Kentucky lawmakers face tough money decisions this year.
Is West Virginia moving from blue to red?
Some Pennsylvania artists find a good use for acid mine drainage.
And bird counters are documenting the winter population.
Ky. Money Outlook: We move from the holiday season to the political season, when legislators get ready to head to their state capitols for this year’s legislative session. A new report says Kentucky lawmakers must either raise revenue or make drastic cuts to services. Kentucky Public Radio’s Jonathan Meador reports that a study from the Kentucky Center for Economic Policy paints a bleak outlook for the state’s upcoming budget.
Ky. Doctor Shortage: Under the Affordable Care Act, Kentucky chose to expand Medicaid eligibility, which means an additional 300,000 Kentuckians now qualify for health care coverage. But with more patients able to visit primary care physicians comes a problem. There aren’t enough doctors. Kentucky Public Radio’s Whitney Jones has more on why rural areas have difficulty recruiting those physicians.
W.Va. Political Change: In this midterm election season we’ll no doubt be hearing a lot about red states, blue states and purple states, where voters tend to elect Republicans, Democrats or can swing either way. West Virginia has traditionally leaned Democrat, and still has more registered Democrats than Republicans. But as West Virginia Public Radio’s Ashton Marra reports, some political scientists see signs that West Virginia is changing.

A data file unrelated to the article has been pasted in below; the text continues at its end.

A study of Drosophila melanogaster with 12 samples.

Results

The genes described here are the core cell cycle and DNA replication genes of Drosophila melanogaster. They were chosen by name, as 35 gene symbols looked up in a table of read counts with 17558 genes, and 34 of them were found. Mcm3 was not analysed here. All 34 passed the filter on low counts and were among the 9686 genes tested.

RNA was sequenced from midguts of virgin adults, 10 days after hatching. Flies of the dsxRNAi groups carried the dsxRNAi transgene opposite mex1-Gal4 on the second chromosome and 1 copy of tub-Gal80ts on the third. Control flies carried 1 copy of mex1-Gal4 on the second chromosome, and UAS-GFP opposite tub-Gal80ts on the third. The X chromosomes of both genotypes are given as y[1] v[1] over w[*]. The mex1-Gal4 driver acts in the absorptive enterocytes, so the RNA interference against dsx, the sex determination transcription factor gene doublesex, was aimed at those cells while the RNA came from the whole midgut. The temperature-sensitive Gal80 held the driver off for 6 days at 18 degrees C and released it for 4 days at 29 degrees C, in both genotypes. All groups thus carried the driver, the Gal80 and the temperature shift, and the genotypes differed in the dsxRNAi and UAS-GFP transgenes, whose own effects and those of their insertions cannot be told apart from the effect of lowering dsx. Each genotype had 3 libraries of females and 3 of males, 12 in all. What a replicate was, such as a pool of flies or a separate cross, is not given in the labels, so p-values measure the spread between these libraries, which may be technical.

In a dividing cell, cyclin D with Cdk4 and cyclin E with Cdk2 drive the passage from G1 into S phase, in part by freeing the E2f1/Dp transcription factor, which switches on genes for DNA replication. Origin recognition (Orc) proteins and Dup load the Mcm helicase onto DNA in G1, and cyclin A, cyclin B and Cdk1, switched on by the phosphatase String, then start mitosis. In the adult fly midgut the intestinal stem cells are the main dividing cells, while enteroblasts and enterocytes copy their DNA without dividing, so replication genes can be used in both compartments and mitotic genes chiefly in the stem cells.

W.Va. Pipefitter Classes: As the natural gas boom continues in northern West Virginia, some young people are finding work as pipefitters. There’s an apprenticeship school in Morgantown. West Virginia Public Radio’s Glynis Board stopped in to investigate and brings us this report.
Pa. Acid Mine Drainage as Art: The brilliant rust orange iron oxide that's pulled out of waterways polluted with acid mine drainage is finding its way into the hands of artists and craftsmen. The dried and powdered material is being used to color T-shirts, wood stain, concrete, and even the "burnt sienna" shade of Crayola crayons. Now, as The Allegheny Front’s Jennifer Szweda Jordan reports, a nonprofit is helping turn creek contaminants into pottery glaze.
Pa. Bird Count: Every year at this time since 1900 bird enthusiasts have taken to the great outdoors for the annual Audubon Society bird count. The goal: to monitor the status and distribution of the winter bird population. Those who can’t go out to count birds can keep track of the species visiting their feeders. The count started December 14 and ends this weekend. The Allegheny Front’s Kara Holsopple went on one count in southwestern Pennsylvania and has this report.